History’s ball has been kicked backward by the crisis in Ukraine. Economic sanctions, military deployments and diplomatic isolation — star players in the West’s Cold War policy lineup for containing Russia — are back on the field. The price of admission to this East-West rematch: reduced economic integration and increased defense spending that will drain resources from domestic needs and new security challenges — for all nations.
Is it possible to change the game, kick history’s ball in a different direction — and toward a different goal?
The answer may be no, at least for now. Proponents of suiting up for another round of containment and a new Cold War argue that Russian President Vladimir Putin’s actions in Crimea leave no doubt that his objective is to preserve and restore parts of the Soviet empire to Moscow’s control, including by military force. And if that’s Putin’s game, Washington, NATO and the European Union have no choice but to match up.
That is a contest, however, that remains in no country’s best interest to play — first and foremost, Russia’s. While it may be hard to get inside Putin’s head, it is even harder to imagine how Russia is better off if it is both politically and economically disconnected from both the European Union and the United States over the next decade. And truth be told, there are a long list of Western security objectives ranging from counterterrorism to nuclear proliferation that require cooperation with Moscow.
The alternative game — for Washington and for European capitals, Moscow included — is to work toward “Building Mutual Security” in the Euro-Atlantic region. That is the recommendation made one year ago by four senior and respected statesmen — former U.S. Sen. Sam Nunn, former Russian Foreign Minister Igor Ivanov, former UK Defense Secretary Des Browne and former German Deputy Foreign Minister Wolfgang Ischinger — and endorsed by 28 former political leaders, military officers, defense officials and security experts from across the region.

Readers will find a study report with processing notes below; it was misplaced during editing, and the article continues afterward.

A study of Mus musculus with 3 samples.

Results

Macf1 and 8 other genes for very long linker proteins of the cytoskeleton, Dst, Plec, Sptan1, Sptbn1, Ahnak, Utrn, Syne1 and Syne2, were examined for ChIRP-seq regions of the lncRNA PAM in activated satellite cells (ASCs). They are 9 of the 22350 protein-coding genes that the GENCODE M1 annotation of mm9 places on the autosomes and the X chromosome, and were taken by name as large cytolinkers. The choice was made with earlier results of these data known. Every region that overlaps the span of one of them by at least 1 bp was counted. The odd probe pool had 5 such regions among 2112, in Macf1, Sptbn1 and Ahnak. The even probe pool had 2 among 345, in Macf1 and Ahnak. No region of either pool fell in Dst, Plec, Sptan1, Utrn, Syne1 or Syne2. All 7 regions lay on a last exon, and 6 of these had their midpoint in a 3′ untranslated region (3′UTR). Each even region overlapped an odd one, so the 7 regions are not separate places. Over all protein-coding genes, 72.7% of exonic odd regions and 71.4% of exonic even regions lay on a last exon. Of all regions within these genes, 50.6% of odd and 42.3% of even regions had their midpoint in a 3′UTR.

The diagnosis from this group: Stagnant security policies across the Euro-Atlantic region have fueled tensions and mistrusts for over two decades, and in the absence of a new security strategy, there was a risk that security and stability in the region would break down (as it now has in Ukraine). Their policy prescription: Urgently begin a new political and military dialogue mandated by the highest political levels, where security can be discussed comprehensively and practical steps can be taken on a broad range of issues.
A new dialogue mandated by political leaders may not be popular right now with advocates of containment, many of whom will argue that new muscle, not new dialogue, is exclusively what is now required with Moscow — in particular when Putin has isolated himself, and Russia, behind a wall of propaganda. And it is clear that there are those in Russia who have also given up on dialogue with the West, which from their perspective has ignored Russian security interests for years.
But it should be clear to all nations in the Euro-Atlantic region that we are not in this crisis in Ukraine because there has been too much dialogue between leaders and senior officials on core security issues. Rather, we are all paying the price for running Euro-Atlantic security policy on bureaucratic autopilot — unwise in a region that includes six of the world’s 10 largest economies, four of the five declared nuclear-weapon states and more than 90 percent of global nuclear inventories.
How to get started on a new game of Building Mutual Security? Nunn, Ivanov, Browne and Ischinger have advocated the formation of a contact group that would include a core group of nations from the region, perhaps joined by a representative from the European Union, NATO and the Organization for Security and Co-operation in Europe. If the “smaller” contact group now proposed to deal with the Ukraine crisis ever gets off the ground, it could be a building block for a broader contact group. Of course, if the crisis escalates, or if containment takes a firm hold, contact among nations in Europe will most likely be, for some time, cold indeed.
Steve Andreasen, the director for defense policy and arms control on the National Security Council staff from 1993 to 2001, is a consultant to the Nuclear Threat Initiative in Washington, D.C., and teaches at the University of Minnesota’s Humphrey School of Public Affairs. Stela Petrova, research fellow for the European Leadership Network from 2011 to 2014, lives in Munich.